Open Europe Blog

Back in May, we pointed out the so-called ‘Farage Paradox’ – even as the party came first in the European elections in the UK and Farage himself was widely seen as having bested Nick Clegg in their TV debates, support for leaving the EU had fallen to its lowest level for a long time according to Ipsos-MORI with 37% in favour of Brexit and 54% in support of staying in.

A few months later and UKIP is still riding high in the polls with a victory in the Clacton by-election under its belt and with the Tories on the run in Rochester and Strood – amid all kinds of noise around EU migration. However, on the wider EU question, support for membership has climbed even higher – today’s Ipsos-MORI poll has support for membership at 56% – its highest since 1991!! – with support for leaving on 36%.

It’s not entirely easy to nail down the drivers behind the trend – even the UK’s public defeat over the appointment of Jean-Claude Juncker as European Commission President hasn’t reversed it but one possibility could be that as the prospect of exit becomes more real, especially in the wake of the Scottish referendum, people are more likely to go with the ‘better the devil you know’ option. Another explanation is that Farage is good at stirring up support in concentrated parts of the country, but his divisive rhetoric turns others off. A feel-good factor over the economy (through as we’ve argued before, this can cut both ways) combined with increased uncertainty around the world – making the status quo look safer and club membership more attractive – could be other reasons.

Either way, it shows that even as UKIP find a way of tapping into disenchantment with the EU and mainstream UK politics, they are failing to convince  people that they have the right remedies and this risks derailing the broader ‘out campaign, as the pro-Bexit Tory MP Michael Fabricant has warned:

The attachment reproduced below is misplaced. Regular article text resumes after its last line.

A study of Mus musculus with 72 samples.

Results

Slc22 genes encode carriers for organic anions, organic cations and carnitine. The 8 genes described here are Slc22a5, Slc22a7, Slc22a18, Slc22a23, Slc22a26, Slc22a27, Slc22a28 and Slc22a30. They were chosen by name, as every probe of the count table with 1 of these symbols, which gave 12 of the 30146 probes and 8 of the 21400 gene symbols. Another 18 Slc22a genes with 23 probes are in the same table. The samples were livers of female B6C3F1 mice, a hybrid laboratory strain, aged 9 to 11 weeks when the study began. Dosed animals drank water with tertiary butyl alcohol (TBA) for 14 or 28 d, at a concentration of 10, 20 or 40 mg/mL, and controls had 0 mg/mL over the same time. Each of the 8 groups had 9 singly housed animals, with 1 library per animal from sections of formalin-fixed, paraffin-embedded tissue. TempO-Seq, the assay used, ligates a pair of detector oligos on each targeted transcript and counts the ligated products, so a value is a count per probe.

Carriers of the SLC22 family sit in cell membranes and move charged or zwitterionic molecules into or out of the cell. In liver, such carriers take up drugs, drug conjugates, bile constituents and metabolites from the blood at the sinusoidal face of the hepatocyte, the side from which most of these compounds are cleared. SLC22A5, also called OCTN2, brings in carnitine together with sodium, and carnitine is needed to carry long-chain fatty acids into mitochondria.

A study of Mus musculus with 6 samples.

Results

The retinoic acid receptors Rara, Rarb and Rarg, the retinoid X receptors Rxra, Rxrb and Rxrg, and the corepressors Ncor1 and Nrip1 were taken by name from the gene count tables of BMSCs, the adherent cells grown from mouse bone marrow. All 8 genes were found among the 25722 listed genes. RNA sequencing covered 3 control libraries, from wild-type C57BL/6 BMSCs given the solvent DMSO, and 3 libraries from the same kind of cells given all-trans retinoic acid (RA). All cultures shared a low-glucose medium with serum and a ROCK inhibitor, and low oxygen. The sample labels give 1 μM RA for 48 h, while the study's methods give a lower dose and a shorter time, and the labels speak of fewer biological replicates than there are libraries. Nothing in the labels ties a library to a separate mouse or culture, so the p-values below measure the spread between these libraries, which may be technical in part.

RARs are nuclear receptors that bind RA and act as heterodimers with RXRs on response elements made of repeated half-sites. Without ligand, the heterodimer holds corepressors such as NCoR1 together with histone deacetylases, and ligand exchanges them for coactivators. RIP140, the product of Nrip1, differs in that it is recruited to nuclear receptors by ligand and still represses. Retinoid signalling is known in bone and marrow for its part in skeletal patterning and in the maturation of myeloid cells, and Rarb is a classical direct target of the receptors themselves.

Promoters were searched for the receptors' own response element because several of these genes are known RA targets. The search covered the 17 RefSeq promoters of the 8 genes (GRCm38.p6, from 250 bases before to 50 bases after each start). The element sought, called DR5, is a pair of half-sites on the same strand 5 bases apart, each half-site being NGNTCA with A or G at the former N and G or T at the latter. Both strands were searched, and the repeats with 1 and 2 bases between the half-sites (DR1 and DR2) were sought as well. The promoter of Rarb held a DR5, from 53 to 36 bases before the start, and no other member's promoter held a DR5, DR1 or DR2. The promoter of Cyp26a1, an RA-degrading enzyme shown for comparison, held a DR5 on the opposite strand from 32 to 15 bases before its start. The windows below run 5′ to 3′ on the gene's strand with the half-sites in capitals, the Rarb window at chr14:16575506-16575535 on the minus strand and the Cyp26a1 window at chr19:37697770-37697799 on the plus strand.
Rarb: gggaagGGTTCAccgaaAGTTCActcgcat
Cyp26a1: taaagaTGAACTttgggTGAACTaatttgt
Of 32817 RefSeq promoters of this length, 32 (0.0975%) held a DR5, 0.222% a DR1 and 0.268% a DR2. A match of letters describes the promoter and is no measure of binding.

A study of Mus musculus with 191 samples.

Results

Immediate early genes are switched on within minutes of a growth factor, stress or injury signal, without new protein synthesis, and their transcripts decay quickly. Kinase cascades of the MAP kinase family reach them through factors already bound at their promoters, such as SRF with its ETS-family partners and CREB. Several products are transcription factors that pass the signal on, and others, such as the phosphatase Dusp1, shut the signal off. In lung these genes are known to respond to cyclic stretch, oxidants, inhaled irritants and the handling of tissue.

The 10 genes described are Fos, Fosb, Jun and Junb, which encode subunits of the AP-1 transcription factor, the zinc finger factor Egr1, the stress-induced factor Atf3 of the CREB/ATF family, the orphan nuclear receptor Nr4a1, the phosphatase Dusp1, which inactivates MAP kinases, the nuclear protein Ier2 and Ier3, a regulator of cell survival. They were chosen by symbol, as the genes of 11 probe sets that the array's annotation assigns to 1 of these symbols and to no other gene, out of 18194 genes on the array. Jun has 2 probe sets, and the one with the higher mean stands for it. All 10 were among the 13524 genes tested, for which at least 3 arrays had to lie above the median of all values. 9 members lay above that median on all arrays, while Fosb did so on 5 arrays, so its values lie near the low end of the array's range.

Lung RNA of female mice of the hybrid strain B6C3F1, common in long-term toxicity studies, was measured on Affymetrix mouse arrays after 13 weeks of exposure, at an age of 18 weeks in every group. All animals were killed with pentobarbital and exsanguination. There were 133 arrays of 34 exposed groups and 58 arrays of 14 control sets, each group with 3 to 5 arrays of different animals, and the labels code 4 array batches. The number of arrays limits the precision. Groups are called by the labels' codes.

“The out team will be very different, with no leader who commands popular support. Before you can even make the case for Britain becoming a mid-Atlantic economic hub, freed from the shackles of Brussels diktats, the Eurosceptics will be all over the place. No clear leader, and angry looking grey men who have been arguing the toss on Europe for years, will fail to impress. Yes, Nigel Farage is clearly the most charismatic Eurosceptic in years, but does anyone really imagine Farage being the Alex Salmond of the out campaign? Would he be persuasive enough to seduce a nation?”

However, it is worth bearing in mind that other polls have slightly different outcomes. Today’s YouGov poll for the Times’ red box showed lower levels of support for EU membership – support for membership is roughly the same under their ‘major changes’ scenario as under Ipsos-Mori’s status quo scenario (YouGov’s status quo option assumes renegotiation was attempted but failed to secure even modest changes, so can’t be directly compared with the Ipsos-MORI one).

This shows that even if some polls suggest a majority of Brits would vote to stay in no matter what, EU reform and renegotiation remains by far the best option for any UK government. 
As has been noted before, that’s why some Better Off Outers are now starting to fear that long sought after In/Out referendum – in itself an ironic development.